Company culture embodies an organization's shared values, beliefs, behaviours, and attitudes. This cultural fabric is woven through every interaction, decision, and operation within the company. This foundation is built on leadership, as leaders play a foundational role in shaping this culture, setting the tone for the entire organization.

According to a survey by Deloitte, "82% of respondents believe that culture is a potential competitive advantage." It's evident that a strong, positive company culture directly impacts employee performance, collaboration, and innovation.

82% of respondents believe that culture is a potential competitive advantage.

In the words of Peter Drucker, a renowned management consultant, "Culture eats strategy for breakfast." This encapsulates the idea that even the most well-crafted strategies can only succeed if aligned with a healthy company culture. So, how can leadership shape culture?

Culture eats strategy for breakfast.

Step 1: Setting the Company's Values

Effective leaders establish the values guiding decision-making and fostering trust and respect. It’s crucial that they must align their vision with the company's core values.

When leaders consistently exemplify these values, it creates a sense of purpose that resonates with employees. This alignment is crucial in promoting a strong company culture. Discover how to start designing your company culture and establish its values with the expert advice of Avanti’s co-owners, Amin Lalani and David Owen Cord.

Step 2: Cascading Influence

Leadership behaviours trickle down throughout the organization. A study by Harvard Business Review states that "leaders' behaviours make up 70% of employees' experiences of a company's culture." Thus, leadership actions significantly shape the culture employees experience daily.

5 Key Factors to Ensure an Excellent Employee Experience

Step 3: Open Communication

Transparent communication from leadership fosters a culture of openness and honesty. Same as payroll and accounting professionals understand the importance of accurate data; precise information shared by leaders, it's paramount to contribute to a healthy culture.

In addition to communicating effectively, leaders must ensure that they encourage more interactions than interactions, advises leadership expert Kevin Eikenberry.

One critical thing that all leaders should do to be more effective is to have more interactions than transactions. We must interact with others and not just talk about work.

Discover his leadership philosophy and how to help your managers become leaders here.

Step 4: Leading by Example

"Leadership is not about being in charge. It is about taking care of those in your charge," Simon Sinek emphasizes. Leaders must to showcase the values they wish to instill through their own actions.

A leader's actions resonate far louder than their words. Leading by example ignites a spark of motivation within employees. When they witness leaders striving for excellence, they are encouraged to pursue their potential.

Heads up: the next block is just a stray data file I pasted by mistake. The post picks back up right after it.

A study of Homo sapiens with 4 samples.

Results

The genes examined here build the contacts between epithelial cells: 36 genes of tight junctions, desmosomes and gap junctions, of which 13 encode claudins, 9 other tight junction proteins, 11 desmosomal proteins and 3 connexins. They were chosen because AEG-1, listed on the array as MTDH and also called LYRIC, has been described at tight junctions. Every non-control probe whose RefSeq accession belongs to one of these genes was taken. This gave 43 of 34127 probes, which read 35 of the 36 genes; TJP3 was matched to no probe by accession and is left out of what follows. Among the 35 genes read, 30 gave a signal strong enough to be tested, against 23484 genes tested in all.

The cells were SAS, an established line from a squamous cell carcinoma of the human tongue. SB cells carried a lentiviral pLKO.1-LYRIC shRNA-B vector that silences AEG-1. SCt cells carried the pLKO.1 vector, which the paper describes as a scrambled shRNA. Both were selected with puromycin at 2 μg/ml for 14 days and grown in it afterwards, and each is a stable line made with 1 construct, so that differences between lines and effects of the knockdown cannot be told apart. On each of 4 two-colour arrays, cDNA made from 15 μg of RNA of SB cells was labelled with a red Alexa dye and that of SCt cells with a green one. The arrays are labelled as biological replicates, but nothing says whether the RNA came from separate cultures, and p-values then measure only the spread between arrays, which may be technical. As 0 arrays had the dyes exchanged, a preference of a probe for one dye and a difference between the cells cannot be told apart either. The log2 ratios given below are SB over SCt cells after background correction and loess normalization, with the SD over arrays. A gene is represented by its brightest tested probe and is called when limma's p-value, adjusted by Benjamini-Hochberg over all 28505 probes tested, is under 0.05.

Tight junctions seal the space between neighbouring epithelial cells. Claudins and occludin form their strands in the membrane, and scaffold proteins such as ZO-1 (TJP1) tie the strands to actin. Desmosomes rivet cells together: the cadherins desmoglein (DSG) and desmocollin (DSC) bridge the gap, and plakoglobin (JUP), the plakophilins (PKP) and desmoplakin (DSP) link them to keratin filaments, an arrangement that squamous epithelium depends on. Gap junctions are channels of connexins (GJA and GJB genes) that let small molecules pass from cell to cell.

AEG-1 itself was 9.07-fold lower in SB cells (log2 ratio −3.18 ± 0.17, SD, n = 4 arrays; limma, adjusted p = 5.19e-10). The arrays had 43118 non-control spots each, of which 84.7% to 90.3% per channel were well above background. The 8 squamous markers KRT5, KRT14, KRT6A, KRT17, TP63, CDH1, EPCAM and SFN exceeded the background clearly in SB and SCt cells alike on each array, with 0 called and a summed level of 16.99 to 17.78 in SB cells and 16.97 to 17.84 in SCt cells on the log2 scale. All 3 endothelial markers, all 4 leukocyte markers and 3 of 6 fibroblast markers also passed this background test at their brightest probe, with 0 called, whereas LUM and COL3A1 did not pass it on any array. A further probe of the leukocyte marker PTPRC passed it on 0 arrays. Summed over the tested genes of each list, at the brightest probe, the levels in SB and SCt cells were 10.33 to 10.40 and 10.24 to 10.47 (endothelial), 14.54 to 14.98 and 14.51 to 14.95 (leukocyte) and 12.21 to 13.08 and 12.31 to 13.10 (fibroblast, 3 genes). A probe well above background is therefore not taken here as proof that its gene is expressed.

The 17th Floor’s Resources Library has a great guide with lessons on leadership. The How to Be a Leader guide contains lessons on leadership from HubSpot co-founder Dharmesh Shah.

Step 5: Empowering and Delegating

In order to foster a positive culture, it’s key that leaders empower employees to make decisions within their roles. This enables a culture of ownership and accountability, which are essential in driving a positive workplace culture.

A necessary factor in achieving this is to provide them with all possible tools to help them make the best decisions. Influential leaders prioritize continuous learning and development. Investing in the employees' growth shows them that their managers value their potential and contributions.

A study by the Corporate Executive Board (CEB) found that "organizations with a strong learning culture have 37% greater employee productivity." Evidently, leaders cannot overlook this strategy if they want a positive and productive outcome.

Step 6: Recognizing and Rewarding

Leaders need to acknowledge and reward behaviours aligned with the desired culture. This could be as simple as recognizing an employee who goes above and beyond to collaborate with cross-functional teams.

Some simple and inexpensive ideas to try are:

  • Employee of the month awards

  • Peer-to-peer shoutouts

  • "Innovation champion" acknowledgments

  • Professional growth sponsorships

  • Customized "bucket list" experiences

  • Impactful "thank you" notes

  • Flex days for achieving milestones

  • Nomination-based awards (Nominated by co-workers)

  • Lunch with leadership

  • Wellness and self-care packages

Step 7: Measuring and Evolving

Leaders must continuously monitor and measure the pulse of their company culture. Companies usually use employee surveys, feedback sessions, and key performance indicators to assess alignment with the desired cultural traits. This will help fix what is not working and foster the strategies that bring good results.

The 17th Floor offers a comprehensive guide by Peninsula for employers on employee engagement surveys, including what they are, why they are essential, how to design and implement an effective survey, and how to analyze and act on the survey results.

What strategies do you carry out as a leader to foster a positive company culture? Share your tips in the comments section below.